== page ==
20 August 2009

Psacadonotus species - Tettigonioidea


These katydids are not well known and currently Psacadonotus has only 8 species, of which some are represented from only a handful of individuals and one northern species by a single insect. They mainly inhabit the southern heathland of WA and SA although they are not found on the intervening Nullarbor. In the Esperance district there are three known species, Psacadonotus psithyros recorded west of Ravensthorpe, Psacadonotus serratimerus near Mt Ragged, and Psacadonotus kenkulun that is recorded just a few kilometres away from my sightings and is quite likely the same. The Psacadonotus katydids belong to an interesting group that are flightless and predatory on other invertebrates. The head/body length (excluding the ovipositor) of the illustrated species above was around 5 cm or 2 inches.

Interestingly, most collected Psacadonotus insects are male, whilst all the ones I have encountered were female and of which, two were laying eggs and had their ovipositors deep into the soil, a situation according to David Rentz that is rarely seen. I would imagine the local very deep, fine grained white sands are ideal for their egg-laying activities, I also slash walking tracks and periodically burn pockets of vegetation, both of which provide many small open areas these katydids need and apparently seek. Despite being flightless, these insects do have long legs that are used to walk rather than hop, but they can appear and disappear remarkably quickly, so no doubt could travel a hundred or so metres to reach ideal habitat, likewise the juveniles could disperse the same way, as I have not seen them either.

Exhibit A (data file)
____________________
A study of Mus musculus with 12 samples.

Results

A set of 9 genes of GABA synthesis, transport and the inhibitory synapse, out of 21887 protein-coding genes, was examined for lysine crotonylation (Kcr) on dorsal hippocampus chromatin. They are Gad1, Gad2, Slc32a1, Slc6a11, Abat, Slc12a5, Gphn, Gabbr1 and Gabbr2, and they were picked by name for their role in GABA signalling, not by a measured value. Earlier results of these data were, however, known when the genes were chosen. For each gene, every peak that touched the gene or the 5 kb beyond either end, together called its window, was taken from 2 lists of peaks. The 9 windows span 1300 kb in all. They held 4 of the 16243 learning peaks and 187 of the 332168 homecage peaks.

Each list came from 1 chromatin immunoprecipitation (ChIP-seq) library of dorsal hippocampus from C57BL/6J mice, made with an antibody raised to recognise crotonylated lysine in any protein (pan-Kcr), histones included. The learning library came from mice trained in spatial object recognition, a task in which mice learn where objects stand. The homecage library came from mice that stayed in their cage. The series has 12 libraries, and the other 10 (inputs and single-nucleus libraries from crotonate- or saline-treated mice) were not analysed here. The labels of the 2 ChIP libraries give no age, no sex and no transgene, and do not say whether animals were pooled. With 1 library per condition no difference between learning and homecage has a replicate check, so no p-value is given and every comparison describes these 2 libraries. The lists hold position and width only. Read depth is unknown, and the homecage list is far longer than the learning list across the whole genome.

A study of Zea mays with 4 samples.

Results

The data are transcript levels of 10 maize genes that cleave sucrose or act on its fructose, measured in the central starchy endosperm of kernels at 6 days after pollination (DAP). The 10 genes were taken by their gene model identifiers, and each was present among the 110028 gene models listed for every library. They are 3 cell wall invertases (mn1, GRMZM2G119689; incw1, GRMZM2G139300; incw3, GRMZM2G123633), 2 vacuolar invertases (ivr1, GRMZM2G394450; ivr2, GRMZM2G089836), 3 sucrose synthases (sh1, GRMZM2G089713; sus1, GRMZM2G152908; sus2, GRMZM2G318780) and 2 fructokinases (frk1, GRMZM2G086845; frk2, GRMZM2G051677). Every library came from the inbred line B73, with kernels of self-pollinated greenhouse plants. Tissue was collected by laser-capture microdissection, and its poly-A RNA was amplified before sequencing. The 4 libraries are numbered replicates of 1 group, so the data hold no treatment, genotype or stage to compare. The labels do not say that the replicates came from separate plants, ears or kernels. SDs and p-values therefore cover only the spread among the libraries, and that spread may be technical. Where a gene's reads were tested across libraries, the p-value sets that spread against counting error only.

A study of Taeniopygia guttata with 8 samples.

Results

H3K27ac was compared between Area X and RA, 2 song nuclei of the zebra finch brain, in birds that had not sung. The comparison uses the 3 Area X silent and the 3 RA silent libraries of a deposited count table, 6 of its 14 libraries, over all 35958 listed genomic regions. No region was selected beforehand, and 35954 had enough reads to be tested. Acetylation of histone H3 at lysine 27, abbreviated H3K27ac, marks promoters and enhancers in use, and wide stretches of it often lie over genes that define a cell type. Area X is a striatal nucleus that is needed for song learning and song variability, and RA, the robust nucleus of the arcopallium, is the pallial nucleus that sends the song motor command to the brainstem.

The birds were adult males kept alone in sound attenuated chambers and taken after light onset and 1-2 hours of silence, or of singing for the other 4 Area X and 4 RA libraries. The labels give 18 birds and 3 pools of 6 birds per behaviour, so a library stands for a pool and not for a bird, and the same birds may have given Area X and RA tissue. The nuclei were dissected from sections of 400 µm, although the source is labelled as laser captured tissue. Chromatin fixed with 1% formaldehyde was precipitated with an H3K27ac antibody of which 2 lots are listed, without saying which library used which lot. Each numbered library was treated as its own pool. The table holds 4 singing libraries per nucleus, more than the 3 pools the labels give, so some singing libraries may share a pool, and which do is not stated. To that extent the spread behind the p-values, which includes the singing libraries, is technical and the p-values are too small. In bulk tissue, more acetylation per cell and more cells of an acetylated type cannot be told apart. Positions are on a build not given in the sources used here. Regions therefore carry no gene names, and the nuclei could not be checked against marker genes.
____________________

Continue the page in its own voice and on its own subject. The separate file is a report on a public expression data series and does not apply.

Being both a grazer and a predator, I would think their most productive food sites would be low-lying areas around receding ephemeral swamps (locally very widespread), where herbaceous vegetation and small invertebrates are more common. So would suspect they spend most of their time around the swamps and flood plains, with the pregnant females visiting the well-drained sandy hillocks to lay their eggs. This could possibly explain my unusual female observations.

The timing of their appearance in this elevated sandy habitat also coincided with rainfall or high humidity and was noted during August, then again at the end of February to the latter part of May. They were not seen in Winter or during the height of Summer.

My thanks to Dr David Rentz for identification.